PROVINCE LAUNCHES CONVERSATION ON HEALTH-CARE FUNDING
Manitoba has launched a social media and web based public awareness campaign to inform the public of the significant impact of reduced and eroding federal funding for health care, Health, Seniors and Active Living Minister Kelvin Goertzen announced today.
“Health care is the single largest budget item for provinces and territories, each of which is responsible for the delivery of quality health services for Canadians,” said Goertzen. “The federal government’s unilateral approach and refusal to engage in a discussion around the importance of a long-term and sustainable partnership on health care funding should be of concern to every Manitoban.”
Created 50 years ago, Medicare originated with 50/50 cost sharing of health care between federal and provincial governments. Today, provinces pay more than 75 per cent of health-care costs and the federal government continues to reduce growth in health-care funding.
The minister said the result is a $30 billion gap between the proposal the federal government has made to some provinces and territories and what evidence-based studies indicated is actually needed to maintain the sustainability of health-care systems, even with an additional $11 billion in targeted funding.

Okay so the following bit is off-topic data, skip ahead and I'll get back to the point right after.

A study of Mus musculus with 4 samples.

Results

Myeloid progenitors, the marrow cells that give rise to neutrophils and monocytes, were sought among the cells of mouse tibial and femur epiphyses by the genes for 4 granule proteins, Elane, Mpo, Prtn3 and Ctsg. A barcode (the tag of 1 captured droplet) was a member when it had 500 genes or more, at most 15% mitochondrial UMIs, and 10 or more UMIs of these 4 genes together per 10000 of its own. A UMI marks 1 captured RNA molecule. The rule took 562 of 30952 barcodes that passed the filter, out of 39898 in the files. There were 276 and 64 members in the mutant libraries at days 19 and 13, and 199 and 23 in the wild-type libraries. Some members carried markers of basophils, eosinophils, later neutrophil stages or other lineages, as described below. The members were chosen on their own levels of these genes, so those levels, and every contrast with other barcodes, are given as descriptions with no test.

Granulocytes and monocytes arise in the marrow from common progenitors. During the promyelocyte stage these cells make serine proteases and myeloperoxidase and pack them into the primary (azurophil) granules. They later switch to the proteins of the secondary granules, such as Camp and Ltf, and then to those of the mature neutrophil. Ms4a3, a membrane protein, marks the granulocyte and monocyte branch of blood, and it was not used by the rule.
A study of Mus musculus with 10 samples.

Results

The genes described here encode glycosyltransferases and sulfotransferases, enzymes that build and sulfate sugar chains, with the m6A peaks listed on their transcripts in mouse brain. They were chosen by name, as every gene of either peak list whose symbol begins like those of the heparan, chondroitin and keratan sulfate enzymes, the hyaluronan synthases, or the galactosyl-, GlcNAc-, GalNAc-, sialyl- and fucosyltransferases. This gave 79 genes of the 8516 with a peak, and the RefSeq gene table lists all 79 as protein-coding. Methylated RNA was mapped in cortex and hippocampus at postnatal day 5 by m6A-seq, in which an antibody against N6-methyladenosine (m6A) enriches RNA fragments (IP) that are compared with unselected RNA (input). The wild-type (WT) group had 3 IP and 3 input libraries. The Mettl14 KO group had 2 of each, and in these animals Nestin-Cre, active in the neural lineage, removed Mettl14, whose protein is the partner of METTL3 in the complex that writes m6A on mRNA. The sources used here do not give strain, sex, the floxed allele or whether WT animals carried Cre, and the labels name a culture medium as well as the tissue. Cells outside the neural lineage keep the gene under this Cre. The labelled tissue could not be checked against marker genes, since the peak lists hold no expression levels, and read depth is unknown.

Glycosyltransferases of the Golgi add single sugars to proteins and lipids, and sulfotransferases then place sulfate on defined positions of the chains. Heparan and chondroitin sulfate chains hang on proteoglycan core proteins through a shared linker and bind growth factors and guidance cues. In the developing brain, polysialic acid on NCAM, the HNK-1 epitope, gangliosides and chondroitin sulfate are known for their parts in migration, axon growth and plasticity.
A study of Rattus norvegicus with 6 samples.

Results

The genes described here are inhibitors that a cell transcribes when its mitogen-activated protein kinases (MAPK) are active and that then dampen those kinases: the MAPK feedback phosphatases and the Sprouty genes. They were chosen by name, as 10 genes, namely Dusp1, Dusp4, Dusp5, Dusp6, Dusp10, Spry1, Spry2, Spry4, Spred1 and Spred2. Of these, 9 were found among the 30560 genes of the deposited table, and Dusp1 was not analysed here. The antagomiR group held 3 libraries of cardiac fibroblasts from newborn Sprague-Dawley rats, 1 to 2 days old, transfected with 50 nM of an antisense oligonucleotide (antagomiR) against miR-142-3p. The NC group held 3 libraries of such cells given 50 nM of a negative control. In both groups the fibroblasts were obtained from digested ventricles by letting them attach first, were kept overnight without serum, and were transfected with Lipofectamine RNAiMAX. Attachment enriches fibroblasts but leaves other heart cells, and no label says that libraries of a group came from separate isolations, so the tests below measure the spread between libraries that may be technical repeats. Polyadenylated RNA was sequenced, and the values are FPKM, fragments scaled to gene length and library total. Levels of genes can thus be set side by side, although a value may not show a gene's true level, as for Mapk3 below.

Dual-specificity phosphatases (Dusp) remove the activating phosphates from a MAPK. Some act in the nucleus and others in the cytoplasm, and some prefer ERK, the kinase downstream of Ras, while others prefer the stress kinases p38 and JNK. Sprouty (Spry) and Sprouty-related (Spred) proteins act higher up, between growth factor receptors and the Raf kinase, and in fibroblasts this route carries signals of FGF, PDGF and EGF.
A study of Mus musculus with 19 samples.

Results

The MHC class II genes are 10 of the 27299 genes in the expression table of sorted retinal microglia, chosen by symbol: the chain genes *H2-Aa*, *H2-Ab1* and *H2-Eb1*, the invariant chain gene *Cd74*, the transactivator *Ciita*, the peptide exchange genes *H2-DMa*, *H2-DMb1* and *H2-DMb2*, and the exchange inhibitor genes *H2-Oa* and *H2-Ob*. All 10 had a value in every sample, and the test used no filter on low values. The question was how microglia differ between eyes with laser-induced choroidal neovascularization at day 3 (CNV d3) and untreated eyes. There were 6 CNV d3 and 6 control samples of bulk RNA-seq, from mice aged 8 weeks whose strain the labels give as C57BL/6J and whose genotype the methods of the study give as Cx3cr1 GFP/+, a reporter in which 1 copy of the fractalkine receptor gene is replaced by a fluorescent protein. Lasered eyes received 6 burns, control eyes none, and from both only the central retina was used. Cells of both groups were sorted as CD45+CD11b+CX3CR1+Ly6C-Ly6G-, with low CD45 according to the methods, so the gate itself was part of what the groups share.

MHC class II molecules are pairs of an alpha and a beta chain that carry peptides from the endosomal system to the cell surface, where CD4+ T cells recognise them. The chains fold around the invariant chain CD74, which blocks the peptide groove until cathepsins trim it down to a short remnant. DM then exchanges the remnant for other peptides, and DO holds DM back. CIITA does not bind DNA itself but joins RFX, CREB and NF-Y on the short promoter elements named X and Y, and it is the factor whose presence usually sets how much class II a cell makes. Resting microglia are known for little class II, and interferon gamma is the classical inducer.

“Manitoba is facing a challenging fiscal situation and the federal government’s decision to reduce health-care funding by more than $1 billion over the next 10 years is going to put additional strain on our ability to provide services to Manitobans,” said Goertzen. “Federal funding is essential if we are to address the increasing costs associated with the health-care needs of our growing and aging population.”
Manitobans need the federal government at the table for a discussion on the future of health care, the minister said. He is urging Manitobans to join the conversation via social media using the hashtag #sharethehealthcanada and to share their concerns directly with members of Parliament, the minister added.
“By working together, we can find solutions that will work for Canadians,” said Goertzen. “We believe health care is worth the conversation.”